According to this website, Fino sherry is an ideal apéritif wine and pairs with all types of tapa, especially olives, nuts, cured meats, and shellfish and fish, especially those with a marked salty taste (anchovies).That point should stand out to anyone already familiar with the Laphroaig flavour profile. If Fino sherry is an E-harmony worthy match with salty, savoury foods then it should be a no-brainer to pair it with the briny, iodine-laced goodness that is Laphroaig, right? I hope so, since I managed to land about 4 or 5 bottles of this stuff. Don't judge me !
Bottle opened January 5 2020, bottled at 51.8% abv
Neat from a Glencairn glass, January 5 2020
- Nose: peat, iodine, and brine, but brighter than the usual Laphroaig notes, not as smoky as you'd expect, nutty (almonds maybe), lemons, something savoury or umami, parmiggiano reggiano comes to mind, but it's not exactly "cheesy". Sweetness (almost like a tangy bbq sauce) developing with time. This is a complex nose.
- Palate: sweet and a bit light on arrival, no hint of the high abv, becoming a touch ashy, tangy, with orange zest, vanilla, almonds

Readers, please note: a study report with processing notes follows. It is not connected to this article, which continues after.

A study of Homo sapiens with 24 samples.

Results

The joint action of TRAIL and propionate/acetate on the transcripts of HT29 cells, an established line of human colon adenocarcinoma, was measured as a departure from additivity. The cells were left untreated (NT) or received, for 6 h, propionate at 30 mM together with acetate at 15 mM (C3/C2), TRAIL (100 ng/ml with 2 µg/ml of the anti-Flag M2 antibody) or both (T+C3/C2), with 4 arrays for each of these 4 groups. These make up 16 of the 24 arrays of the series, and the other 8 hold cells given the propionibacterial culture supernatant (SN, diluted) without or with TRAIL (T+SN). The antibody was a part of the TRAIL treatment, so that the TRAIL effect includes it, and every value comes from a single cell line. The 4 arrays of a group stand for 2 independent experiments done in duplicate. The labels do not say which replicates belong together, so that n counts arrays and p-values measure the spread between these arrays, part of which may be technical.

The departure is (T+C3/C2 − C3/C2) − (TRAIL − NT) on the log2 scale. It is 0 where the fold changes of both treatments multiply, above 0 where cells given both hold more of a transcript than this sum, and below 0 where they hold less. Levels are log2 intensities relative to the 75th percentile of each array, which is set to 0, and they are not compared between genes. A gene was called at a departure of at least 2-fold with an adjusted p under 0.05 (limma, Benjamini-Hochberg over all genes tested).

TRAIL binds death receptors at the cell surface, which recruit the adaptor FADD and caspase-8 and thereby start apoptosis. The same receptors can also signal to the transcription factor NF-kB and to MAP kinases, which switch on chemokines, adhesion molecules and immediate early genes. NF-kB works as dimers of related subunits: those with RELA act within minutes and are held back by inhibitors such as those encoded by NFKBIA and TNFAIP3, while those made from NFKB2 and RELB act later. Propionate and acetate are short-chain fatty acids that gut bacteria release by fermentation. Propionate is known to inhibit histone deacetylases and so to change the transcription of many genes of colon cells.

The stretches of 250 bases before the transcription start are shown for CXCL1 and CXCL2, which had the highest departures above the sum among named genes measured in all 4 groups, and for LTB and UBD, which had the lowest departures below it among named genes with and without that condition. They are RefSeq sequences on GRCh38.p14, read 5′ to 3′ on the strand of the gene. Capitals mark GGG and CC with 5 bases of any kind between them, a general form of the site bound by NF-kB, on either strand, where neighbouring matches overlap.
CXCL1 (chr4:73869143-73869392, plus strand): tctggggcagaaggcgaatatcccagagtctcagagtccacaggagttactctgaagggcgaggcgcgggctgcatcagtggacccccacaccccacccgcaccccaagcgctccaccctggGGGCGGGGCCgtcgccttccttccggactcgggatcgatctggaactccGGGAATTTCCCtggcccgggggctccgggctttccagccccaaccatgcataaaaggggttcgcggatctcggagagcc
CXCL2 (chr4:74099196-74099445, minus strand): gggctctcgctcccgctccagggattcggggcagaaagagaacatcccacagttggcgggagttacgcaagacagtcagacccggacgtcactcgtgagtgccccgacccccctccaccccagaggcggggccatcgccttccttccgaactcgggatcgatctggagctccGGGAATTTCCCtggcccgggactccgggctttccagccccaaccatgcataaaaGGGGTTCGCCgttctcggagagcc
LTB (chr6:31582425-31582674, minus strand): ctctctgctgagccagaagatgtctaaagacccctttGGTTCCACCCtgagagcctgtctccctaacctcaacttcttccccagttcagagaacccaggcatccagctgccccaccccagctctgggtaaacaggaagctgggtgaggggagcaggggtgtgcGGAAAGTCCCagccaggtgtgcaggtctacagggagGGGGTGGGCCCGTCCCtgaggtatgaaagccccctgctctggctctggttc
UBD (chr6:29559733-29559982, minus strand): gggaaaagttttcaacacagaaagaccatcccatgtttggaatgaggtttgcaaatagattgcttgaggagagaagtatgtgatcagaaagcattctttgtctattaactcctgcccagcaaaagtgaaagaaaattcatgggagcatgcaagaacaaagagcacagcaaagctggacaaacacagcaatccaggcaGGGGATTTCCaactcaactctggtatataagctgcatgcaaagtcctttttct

- Finish: quite long, sweetness coming forward first with marshmallow and vanilla, cinnamon, then almonds and a savoury note returning, with some cigar smoke lingering a long time. Lovely.
- Thoughts: This is much different than I expected; I'm pleasantly surprised. It's subtle yet elegant. It doesn't have the instant WOW factor that the Cairdeas Madeira Cask had, but then I think Fino Sherry is a bit more subtle than Madeira wine. It will be interesting to see how this bottle evolves with time.
- Rating: 93/100
From a Glencairn glass with distilled water added, February 23 , 2020
- Nose: smokey, somewhat medicinal, with olive brine, vanilla, lemons, oranges, white grapes, maybe some grilled pineapple, seaweed
- Palate: medium bodied, smokey, medicinal, peppery, grilled lemons, oranges, a touch of barbecue sauce, a little nuttiness
- Finish: long and warming, briny, a mineral note that's typical of Laphroaig, vanilla, toasted marshmallows, campfire smoke and ash, a slight menthol note, cardamom.
- Rating: 93/100
March 20, neat from a Glencairn
- Nose: billowing vanilla smoke, brine, green olives, lemon zest, slightly resinous, eucalyptus
- Palate: full bodied, grilled pineapple, tangy bbq sauce, woodsmoke, orange zest
- Finish: very long, drying without being tannic, ashy cigar smoke, cinnamon, vanilla hanging around with just a touch of cardamom
- Final Rating: 93/100
I'm glad I didn't limit myself to one bottle of Laphroaig Cairdeas Fino Cask. It's a different cask finish from Laphroaig, and one I think works brilliantly. I finished my first bottle in March and I'm about a third of the way through my second bottle. This is a malt I crave regularly. If you're in a market where these are still available, I strongly recommend you scoop a few up.
- Would I accept a glass if it were offered to me? Absolutely
- Would I order this in a bar or pub? Absolutely
- Would I purchase another bottle? Without hesitation.